Doctor's Review: Medicine on the Move

January 27, 2022

© Jo-Ann Richards


This recipe calls for a modest amount of curry paste; if you like “the heat” add more

Thai-style curry pastes come in three colors: red, green and yellow. The type of hot chili and other seasonings, such as garlic, spices and herbs, determine the color. This recipe calls for a modest amount of red curry paste to spice up rotisserie chicken. If you like “the heat,” you could add more. Look for curry pastes in the Asian food aisle of your grocery store.

Prep time: 20 minutes, plus marinating time
Cooking time: 75 to 90 minutes

2 tbsp. (30 ml) orange juice
1 tbsp. (15 ml) lime juice
1 tbsp. (15 ml) vegetable oil
1 tbsp. (15 ml) soy sauce
1½ tsp. (7.5 ml) honey
1 tbsp. (15 ml) Thai red curry paste
2 tsp. (10 ml) freshly grated ginger
¼ c. (60 ml) chopped fresh mint or cilantro
1 whole chicken (3 lb./1.5 kg)
salt and freshly ground black pepper to taste

In a small bowl, combine the orange and lime juices, vegetable oil, soy sauce, honey, curry paste, ginger and mint (or cilantro). Set aside.

Truss the chicken with twine and set it in a shallow-sided glass or ceramic dish. Brush and coat the outside of the chicken with the curry mixture, ensuring it reaches deep into the areas between the breasts and legs and the tucked parts of each wing. Cover the chicken with plastic wrap and refrigerate for 4 hours, turning the bird occasionally.

When ready to cook, let the chicken sit at room temperature for 30 minutes to take the chill from the meat and allow it to cook more evenly on the spit.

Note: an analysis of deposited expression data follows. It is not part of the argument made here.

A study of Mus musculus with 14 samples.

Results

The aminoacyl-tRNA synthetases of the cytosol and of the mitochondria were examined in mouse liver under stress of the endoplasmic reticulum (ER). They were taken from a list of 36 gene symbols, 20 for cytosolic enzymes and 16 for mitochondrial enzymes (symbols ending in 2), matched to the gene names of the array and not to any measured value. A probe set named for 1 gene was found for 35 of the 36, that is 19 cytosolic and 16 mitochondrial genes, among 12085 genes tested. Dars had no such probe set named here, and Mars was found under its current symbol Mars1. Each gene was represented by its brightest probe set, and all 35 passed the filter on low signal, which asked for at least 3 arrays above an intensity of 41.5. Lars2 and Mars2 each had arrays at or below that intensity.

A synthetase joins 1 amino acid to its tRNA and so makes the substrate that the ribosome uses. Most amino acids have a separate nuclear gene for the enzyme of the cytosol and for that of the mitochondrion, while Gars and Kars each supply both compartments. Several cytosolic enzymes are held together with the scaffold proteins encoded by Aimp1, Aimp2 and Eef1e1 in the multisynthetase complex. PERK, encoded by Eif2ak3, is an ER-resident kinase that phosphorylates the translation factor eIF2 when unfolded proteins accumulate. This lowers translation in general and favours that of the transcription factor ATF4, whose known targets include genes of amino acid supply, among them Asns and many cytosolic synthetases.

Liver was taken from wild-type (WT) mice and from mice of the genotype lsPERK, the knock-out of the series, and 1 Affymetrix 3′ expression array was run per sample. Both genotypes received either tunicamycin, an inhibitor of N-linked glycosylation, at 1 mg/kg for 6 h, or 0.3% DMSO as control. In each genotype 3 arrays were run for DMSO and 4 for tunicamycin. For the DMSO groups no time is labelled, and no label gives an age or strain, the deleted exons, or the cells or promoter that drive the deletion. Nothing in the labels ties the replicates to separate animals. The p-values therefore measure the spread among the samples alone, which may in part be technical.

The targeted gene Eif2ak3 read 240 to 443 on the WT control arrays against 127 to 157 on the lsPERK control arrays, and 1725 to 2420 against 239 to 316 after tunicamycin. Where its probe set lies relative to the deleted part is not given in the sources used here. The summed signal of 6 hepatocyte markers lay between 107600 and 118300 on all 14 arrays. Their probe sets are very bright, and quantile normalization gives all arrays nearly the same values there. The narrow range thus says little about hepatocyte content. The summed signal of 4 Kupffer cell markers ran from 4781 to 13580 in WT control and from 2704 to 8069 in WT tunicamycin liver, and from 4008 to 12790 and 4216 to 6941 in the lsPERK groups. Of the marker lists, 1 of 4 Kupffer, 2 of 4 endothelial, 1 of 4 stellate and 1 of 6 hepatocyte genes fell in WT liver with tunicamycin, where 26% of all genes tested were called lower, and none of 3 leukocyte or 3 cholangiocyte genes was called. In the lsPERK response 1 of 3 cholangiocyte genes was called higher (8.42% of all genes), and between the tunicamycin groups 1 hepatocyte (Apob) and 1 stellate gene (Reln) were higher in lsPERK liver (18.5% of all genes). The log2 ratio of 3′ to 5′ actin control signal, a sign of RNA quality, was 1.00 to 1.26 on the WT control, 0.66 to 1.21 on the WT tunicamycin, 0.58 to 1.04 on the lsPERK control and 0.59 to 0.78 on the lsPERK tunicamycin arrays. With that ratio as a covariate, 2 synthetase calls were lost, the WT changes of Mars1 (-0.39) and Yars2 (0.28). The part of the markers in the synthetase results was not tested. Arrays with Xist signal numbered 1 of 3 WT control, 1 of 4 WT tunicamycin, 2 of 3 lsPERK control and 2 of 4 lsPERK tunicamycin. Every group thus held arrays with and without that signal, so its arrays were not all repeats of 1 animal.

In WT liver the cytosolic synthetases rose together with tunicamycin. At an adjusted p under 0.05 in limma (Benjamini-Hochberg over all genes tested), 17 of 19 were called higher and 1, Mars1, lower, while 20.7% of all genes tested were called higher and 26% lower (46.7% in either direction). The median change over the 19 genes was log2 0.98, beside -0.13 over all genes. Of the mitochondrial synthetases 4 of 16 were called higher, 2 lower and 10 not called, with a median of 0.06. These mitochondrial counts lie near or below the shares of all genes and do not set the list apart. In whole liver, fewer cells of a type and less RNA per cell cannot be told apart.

Preheat the barbecue to 400˚F (200˚C). While the barbecue heats up, season the chicken with salt and pepper, then slide it onto one end of the rotisserie spit and secure it. Brush the chicken with any leftover marinade.

Place the spit on the barbecue and set a heat-proof pan under the chicken to catch the juices seeping from the bird. Add a little water to the pan so the first drips don’t scorch it. Turn the rotisserie motor on.

Close the lid on the barbecue and turn off the heat directly under the chicken. Leave the other side of the barbecue between medium and medium-high. Cook the chicken, brushing it occasionally with the pan juices, for 75 to 90 minutes, or until an instant read thermometer inserted into the deepest part of the thigh, not touching the bone, registers 170˚F (77˚C). As the chicken cooks, adjust the flame as needed to maintain a constant temperature of 400˚F (200˚C).

Remove the chicken from the spit, set it on a plate, loosely tent it with the aluminum foil, and allow it to rest for 10 minutes before carving and serving. Serves 4.

Note: If you don’t have a barbecue fitted with a spit, after trussing and flavouring the chicken, set it in a cast-iron skillet or another pan suitable for the barbecue. Set the skillet on one side of the barbecue, close the lid, and turn the heat off underneath the chicken, but leave the other side on. Cook, brushing occasionally with the pan juices, for 75 to 90 minutes.

Alternatively, preheat your conventional oven to 375˚F (190˚C). After trussing and flavouring the chicken, set it in a shallow-sided roasting pan. Roast in the oven, brushing occasionally with the pan juices, for 90 minutes.